Ben-Hur (1959) by William Wyler

Here’s why you should not manage developers using fear

Since December 2015, I have conducted over 1000 one-on-one meetings with senior software engineers in about ten emerging markets. I built Exceptionly after years of executive work for global software companies for revolutionizing the software talent industry through objective testing. In this post, I’m going to give a few tips for managers of software developers. I decided to write on this subject as I can see my software engineer friends are changing jobs more frequently than ever now. It’s simply a waste of their precious time and your money.

There are a couple of things you need to know:

Photo by Headway on Unsplash

An average software engineer receives four to five unsolicited interview requests every single week, regardless of their expertise on technology stacks. If they have a proven track record with Java, Javascript, or .NET environment, experience with CI/CD pipelines, quality metrics, cloud infrastructure, and design patterns, the number can easily go up to ten per week. Actually, above-average developers receive so many offers that the majority of people I have met with over the past four years are sick of robotic, automated recruiter messages on LinkedIn.

I have noticed in my meetings with hundreds of senior software engineers that there are certain behaviors and skills that separate the good developers from the great. When managing teams of engineers, a manager will quickly notice that simply being a good coder will not distinguish a star performer from his or her peers. Rather, a holistically talented individual will possess a handful of very important skills:

The demand for qualified software engineers is rising all around the world. In developed markets, the situation is even more drastic. In the U.S, software engineering salaries soared over 25% in the last 10 years due to high demand and low talent supply. Developer salaries soared even more in the emerging markets. Software is permeating every aspect of life, but as the following graphic shows, the education system is producing the wrong types of graduates.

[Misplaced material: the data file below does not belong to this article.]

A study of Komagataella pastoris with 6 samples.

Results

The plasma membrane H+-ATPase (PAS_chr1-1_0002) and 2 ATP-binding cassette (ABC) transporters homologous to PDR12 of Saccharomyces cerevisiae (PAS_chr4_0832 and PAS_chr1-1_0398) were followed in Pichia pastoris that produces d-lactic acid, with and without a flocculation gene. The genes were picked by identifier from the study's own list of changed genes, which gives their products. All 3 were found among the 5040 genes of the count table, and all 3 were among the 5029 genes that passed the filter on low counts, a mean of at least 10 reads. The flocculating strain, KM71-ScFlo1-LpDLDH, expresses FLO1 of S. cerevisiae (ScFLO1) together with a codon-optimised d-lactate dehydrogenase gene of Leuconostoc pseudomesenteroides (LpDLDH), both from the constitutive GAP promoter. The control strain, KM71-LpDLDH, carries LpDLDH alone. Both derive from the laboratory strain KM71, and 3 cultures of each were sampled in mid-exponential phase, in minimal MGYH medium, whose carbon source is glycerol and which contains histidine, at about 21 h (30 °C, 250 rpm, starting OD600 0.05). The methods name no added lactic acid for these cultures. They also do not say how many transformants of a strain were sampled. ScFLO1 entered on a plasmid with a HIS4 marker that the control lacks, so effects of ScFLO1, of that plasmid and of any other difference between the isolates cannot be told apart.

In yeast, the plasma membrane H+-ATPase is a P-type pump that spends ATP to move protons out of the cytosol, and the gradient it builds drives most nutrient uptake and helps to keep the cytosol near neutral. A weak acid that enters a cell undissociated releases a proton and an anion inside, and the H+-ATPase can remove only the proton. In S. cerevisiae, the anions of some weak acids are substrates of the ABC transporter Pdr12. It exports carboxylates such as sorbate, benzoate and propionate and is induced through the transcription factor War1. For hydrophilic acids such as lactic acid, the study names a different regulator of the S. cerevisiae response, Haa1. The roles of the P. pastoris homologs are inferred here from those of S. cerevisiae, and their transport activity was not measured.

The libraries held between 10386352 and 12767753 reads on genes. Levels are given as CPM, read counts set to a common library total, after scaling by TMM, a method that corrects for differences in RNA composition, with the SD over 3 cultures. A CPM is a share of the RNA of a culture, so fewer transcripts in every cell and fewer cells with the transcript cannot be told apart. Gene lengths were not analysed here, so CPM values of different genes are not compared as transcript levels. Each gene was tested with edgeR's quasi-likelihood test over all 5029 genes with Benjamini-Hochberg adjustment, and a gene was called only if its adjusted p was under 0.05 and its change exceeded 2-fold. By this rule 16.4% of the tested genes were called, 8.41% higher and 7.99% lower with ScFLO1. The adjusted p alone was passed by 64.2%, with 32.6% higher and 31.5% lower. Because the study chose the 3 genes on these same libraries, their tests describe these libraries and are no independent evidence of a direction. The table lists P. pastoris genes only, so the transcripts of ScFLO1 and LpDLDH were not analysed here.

Source: ACM.org

With an abundance of opportunities available, job loyalty among developers is at an all-time low. A junior developer is at least 100 times more likely to find a new opportunity in her/his country or overseas today versus 10 years ago.

Andy Grove says “Fear doesn’t work great on knowledge workers as well as it does for galley slaves.” The reason is very simple and goes back to Maslow’s Hierarchy of Needs. Your developers are not concerned with food, shelter, and other basic needs. I discovered in my meetings that almost all of the senior developers I met had a decent amount of savings and above-average life standards compared to the masses in their countries. They know there are hundreds of other opportunities out there.

If you try to manage developers using fear and yell at one of your developer subordinates, I assure you that he or she will return home to five unread job offers in their personal inbox.

So how can we motivate developers? I guess thousands of managers around the world are asking this question every single day. Or there may be dreamers who believe all the coding will be done by machines in the near future. Well, this will only make great software engineers more expensive.

I think the answer lies in Maslow’s hierarchy. Self-realization and a “what I can be, I must be” attitude is the answer for knowledge workers, especially software engineers. As a manager, you’ll need to:

I’d like to hear more about your thoughts and experiences in this field. Feel free to contribute with comments on Medium.

About the writer: Founder of Exceptionly, revolutionizing the software talent industry by leveraging his unique big dataset of over 2M hands-on tested software engineers around the world.